What do you think of when you think about design?
Is it the wrapper on your favourite chocolate bar?
Is it an app that monitors your overall health?
Is it the journey of signing up to vote online?
If you answered 'yes' to any of the above, you’re totally right. Although they are all very different services and products, they are all design born and bred.
Design has dramatically changed from the years of typesetting by hand and poster creation.
We’ve encountered a new breed of designers who don’t just ‘make things pretty’ but instead use their particular methodology of solving problems to tackle larger, more important problems that we, as humans, all face. From finding a new method of hydration to helping patients with terminal diseases cope better on a daily basis through digital products – design is taking on a newer and more important role in the daily lives of everyone. No longer just aesthetic based, design has taken on a more important and encompassing role, as have designers.
Today, designers are not only being used for their visual designing skills, but simply for the way that they think in order to solve a problem.
Design Thinking is a term coined by Peter Rowe in his 1987 book of the same name, where he outlines the thought and research process taken by architects and urban planners. Today in all aspects of design we see this process at work, it differs from a more scientific approach to problem solving, whereby it starts with a goal of a better future rather than a problem. This new breed of designers are well versed in what it means to design for the user, keeping the consumer at the forefront of the process. When this method of thinking is applied from stage one in the design process, rather than just touching up the graphics at the end, you find that products and services create such a deeper connection with the user and will be chosen over other products.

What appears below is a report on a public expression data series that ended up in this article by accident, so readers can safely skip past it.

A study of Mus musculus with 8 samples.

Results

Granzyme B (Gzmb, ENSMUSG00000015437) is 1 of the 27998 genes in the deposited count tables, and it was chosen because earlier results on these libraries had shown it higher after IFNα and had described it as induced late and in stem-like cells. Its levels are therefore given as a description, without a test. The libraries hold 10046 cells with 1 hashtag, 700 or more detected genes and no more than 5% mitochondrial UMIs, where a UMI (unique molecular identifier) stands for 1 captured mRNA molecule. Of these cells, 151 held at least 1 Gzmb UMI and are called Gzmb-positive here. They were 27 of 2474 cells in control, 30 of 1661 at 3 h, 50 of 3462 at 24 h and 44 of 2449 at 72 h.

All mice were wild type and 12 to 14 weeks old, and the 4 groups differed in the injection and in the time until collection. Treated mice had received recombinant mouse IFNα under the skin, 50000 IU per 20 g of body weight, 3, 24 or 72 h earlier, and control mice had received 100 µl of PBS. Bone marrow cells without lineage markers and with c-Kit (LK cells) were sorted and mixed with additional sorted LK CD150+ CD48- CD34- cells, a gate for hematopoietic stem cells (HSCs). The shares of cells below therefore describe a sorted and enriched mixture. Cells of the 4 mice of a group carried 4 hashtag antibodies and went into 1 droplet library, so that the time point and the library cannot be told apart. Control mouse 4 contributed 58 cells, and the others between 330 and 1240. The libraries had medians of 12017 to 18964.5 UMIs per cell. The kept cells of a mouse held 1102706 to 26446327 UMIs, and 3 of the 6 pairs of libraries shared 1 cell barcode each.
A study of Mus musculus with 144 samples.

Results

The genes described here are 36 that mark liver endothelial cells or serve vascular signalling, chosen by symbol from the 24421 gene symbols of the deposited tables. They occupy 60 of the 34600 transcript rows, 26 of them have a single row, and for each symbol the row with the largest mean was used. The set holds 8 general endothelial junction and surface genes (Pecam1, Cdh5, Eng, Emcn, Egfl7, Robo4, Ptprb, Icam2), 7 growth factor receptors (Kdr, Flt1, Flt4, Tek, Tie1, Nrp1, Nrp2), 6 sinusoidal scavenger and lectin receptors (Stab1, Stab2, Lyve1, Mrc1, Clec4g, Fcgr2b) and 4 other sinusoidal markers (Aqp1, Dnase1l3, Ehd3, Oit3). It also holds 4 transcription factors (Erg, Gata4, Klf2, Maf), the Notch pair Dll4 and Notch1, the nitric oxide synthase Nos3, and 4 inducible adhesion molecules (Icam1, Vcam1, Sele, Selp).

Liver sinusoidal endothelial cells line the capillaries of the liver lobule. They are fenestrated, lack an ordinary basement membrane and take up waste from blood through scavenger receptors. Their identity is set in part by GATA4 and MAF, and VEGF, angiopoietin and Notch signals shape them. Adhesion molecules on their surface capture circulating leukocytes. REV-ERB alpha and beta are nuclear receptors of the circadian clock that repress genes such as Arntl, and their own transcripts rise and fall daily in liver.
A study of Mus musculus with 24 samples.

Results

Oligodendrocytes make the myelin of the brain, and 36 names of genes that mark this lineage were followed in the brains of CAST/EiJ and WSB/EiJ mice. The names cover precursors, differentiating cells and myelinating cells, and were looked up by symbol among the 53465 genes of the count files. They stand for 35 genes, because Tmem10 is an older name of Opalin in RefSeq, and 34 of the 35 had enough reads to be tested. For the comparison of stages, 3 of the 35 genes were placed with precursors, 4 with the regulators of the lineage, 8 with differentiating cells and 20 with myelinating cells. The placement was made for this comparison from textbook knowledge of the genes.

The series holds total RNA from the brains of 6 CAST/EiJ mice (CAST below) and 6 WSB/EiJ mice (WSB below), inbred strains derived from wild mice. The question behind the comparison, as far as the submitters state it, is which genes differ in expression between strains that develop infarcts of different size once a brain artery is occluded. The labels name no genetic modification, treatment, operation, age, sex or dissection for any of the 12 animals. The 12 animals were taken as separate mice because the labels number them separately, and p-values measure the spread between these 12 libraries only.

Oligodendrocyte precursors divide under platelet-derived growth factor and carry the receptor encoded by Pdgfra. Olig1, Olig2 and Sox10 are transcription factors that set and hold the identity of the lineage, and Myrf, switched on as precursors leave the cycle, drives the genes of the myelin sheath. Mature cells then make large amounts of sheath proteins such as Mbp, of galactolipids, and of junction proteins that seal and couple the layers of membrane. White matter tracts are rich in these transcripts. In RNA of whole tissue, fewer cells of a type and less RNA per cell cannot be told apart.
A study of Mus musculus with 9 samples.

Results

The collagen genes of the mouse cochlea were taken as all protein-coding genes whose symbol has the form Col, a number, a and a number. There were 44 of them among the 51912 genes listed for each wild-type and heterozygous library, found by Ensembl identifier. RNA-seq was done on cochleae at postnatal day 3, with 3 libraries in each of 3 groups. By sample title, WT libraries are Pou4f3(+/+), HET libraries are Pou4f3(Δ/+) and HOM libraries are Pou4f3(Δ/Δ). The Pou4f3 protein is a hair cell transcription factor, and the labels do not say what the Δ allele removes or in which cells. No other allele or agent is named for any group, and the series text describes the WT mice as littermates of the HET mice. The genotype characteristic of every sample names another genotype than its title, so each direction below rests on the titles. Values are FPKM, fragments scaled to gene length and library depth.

Design-led innovation firms such as IDEO, DesignStudio and Doblin have really taken on this school of thought, making a name for themselves in the design world as studios that create innovative solutions for human needs. These solutions can come in many different forms, such as a product, service, or an entire business redesign – the main aim here is to catalyse growth. It’s not that aesthetics never come into the equation, of course they do – and that is a very important part of designing for people, it’s just that aesthetics is not where the process ends. They are dominating the design arena, turning simple branding and communications agencies on their heads by being able to offer a service that is far more substantial than a simple redesign of a logo. These future-focused designers are hybrids - strategists and creatives - who think bold marrying right and left brain thinking, and with a firm resolve of making a difference.
Whilst the world will always value well designed imagery – the fact is that design thinking is far more powerful than typography.
We now see designers at the heads of companies, implementing design from the top down. These are the companies that are more successful, and the ones we’ve all heard about. Think about Apple, Ford, IBM, Airbnb – all companies that are design-led and are reaping the benefits. It’s about time that designer minds got the credit that they are due and the spot in the boardroom that they deserve.
Design firms like the above are always on the lookout for interesting, new talent. People that are hybrids in the field. Someone who can think strategically and analytically, but who can also visually present data, or create innovative packaging for newly designed products. The industry will need service designers, product designers, UI/UX designers, visual designers, Design researchers, design strategists, business designers and many many more creative thinkers that care about design changing the world. It’s an interesting and new era at the frontier of the design world that is ever changing and gaining momentum.